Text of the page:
NIH participates in the National Nanotechnology Initiative and this page contains information on (1) currently active NIH and BECON research and training opportunities and (2) listings of funded grants for NIH and BECON program announcements related to nanotechnology and nanoscience.
The Carbon Nanoscience Group seeks to understand the chemical, physical, and optoelectronic properties of a variety of nanosystems and nanomaterials. The end goal is to develop and apply design principles to fabricate new molecules and materials for application in several important renewable energy technologies.
NREL's specialists in chemical science and nanoscience are helping to provide the nation with clean sources of energy by studying and developing novel and efficient ways to convert the energy in sunlight into chemical energy (such as hydrogen) and light-generated electricity. Their research focuses on the basic, fundamental science that underpins many aspects of renewable energy.
The AML is designed to be the world's best measurement laboratory. NIST and its partners will be able to produce the measurements and standards needed to move key 21st-century technologies from the research horizon on to the factory floor.
The world's first government-sponsored organization dedicated to developing the biotechnology industry (including bionanotechnology). The center's mission is to provide long-term economic and societal benefits to North Carolina through support of biotechnology research, business and education statewide.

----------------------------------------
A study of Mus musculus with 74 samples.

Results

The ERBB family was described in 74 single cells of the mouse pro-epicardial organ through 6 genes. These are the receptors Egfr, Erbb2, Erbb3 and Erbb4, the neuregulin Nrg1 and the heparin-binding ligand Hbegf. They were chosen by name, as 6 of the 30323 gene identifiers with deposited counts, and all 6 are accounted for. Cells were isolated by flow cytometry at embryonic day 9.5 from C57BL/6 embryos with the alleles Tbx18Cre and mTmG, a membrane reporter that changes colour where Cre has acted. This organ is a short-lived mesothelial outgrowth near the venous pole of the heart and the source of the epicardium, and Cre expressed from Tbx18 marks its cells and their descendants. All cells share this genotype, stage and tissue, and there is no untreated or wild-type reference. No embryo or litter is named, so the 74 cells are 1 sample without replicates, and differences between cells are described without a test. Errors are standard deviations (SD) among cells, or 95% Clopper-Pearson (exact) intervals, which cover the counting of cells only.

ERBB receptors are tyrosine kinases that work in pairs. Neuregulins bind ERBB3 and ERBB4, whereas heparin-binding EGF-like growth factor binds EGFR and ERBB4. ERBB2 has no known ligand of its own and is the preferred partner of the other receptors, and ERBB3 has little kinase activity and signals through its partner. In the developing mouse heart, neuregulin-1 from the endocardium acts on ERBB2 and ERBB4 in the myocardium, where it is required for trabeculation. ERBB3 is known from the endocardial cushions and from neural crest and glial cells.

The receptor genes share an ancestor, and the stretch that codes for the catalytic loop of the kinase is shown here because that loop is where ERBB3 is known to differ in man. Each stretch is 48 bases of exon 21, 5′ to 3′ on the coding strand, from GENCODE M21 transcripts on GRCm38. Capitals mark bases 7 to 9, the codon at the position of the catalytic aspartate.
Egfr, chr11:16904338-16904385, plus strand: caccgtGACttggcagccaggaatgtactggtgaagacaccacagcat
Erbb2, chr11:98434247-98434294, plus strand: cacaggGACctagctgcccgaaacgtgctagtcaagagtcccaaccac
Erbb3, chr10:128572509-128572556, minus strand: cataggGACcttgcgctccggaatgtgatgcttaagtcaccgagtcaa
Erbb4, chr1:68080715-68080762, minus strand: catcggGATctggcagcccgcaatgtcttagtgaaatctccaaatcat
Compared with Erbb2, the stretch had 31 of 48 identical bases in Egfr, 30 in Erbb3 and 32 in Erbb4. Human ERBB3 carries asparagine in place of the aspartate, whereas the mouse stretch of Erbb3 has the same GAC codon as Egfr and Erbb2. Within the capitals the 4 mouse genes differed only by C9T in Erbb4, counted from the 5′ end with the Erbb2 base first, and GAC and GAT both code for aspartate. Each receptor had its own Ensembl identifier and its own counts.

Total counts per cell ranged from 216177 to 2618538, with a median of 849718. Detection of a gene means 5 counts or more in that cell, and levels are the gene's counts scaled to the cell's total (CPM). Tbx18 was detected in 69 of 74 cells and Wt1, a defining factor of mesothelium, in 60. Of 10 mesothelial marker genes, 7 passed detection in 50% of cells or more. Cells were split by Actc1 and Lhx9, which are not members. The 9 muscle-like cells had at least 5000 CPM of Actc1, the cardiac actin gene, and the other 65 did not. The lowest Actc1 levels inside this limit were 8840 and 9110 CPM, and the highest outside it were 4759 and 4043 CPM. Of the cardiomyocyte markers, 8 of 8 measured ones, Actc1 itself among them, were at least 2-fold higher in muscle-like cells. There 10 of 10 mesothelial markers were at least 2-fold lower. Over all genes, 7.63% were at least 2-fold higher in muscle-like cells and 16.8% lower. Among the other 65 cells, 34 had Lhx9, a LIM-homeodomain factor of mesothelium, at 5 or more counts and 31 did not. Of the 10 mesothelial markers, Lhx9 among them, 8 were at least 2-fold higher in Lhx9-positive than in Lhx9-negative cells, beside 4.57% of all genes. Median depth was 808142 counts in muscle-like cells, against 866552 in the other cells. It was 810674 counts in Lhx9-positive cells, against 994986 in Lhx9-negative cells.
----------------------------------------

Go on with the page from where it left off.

The mission of the Center, housed within the Rensselaer Nanotechnology Center (RNC), is to integrate research, education, and technology dissemination, and serve as a national resource for fundamental knowledge and applications, in directed assembly of nanostructures.
The center's mission is to create high throughput, reliable and versatile nanomanufacturing systems and associated processes through transformative research, education of leaders and global and industrial engagement that will revolutionize future generations of mobile computing and energy devices.
The Nanoscale Science & Devices Group is part of the Bioscience Division at Oak Ridge National Laboratory (ORNL). Understanding the physics and chemistry at the nanoscale is important in designing and developing miniature sensors and devices that exploit nanoscale effects.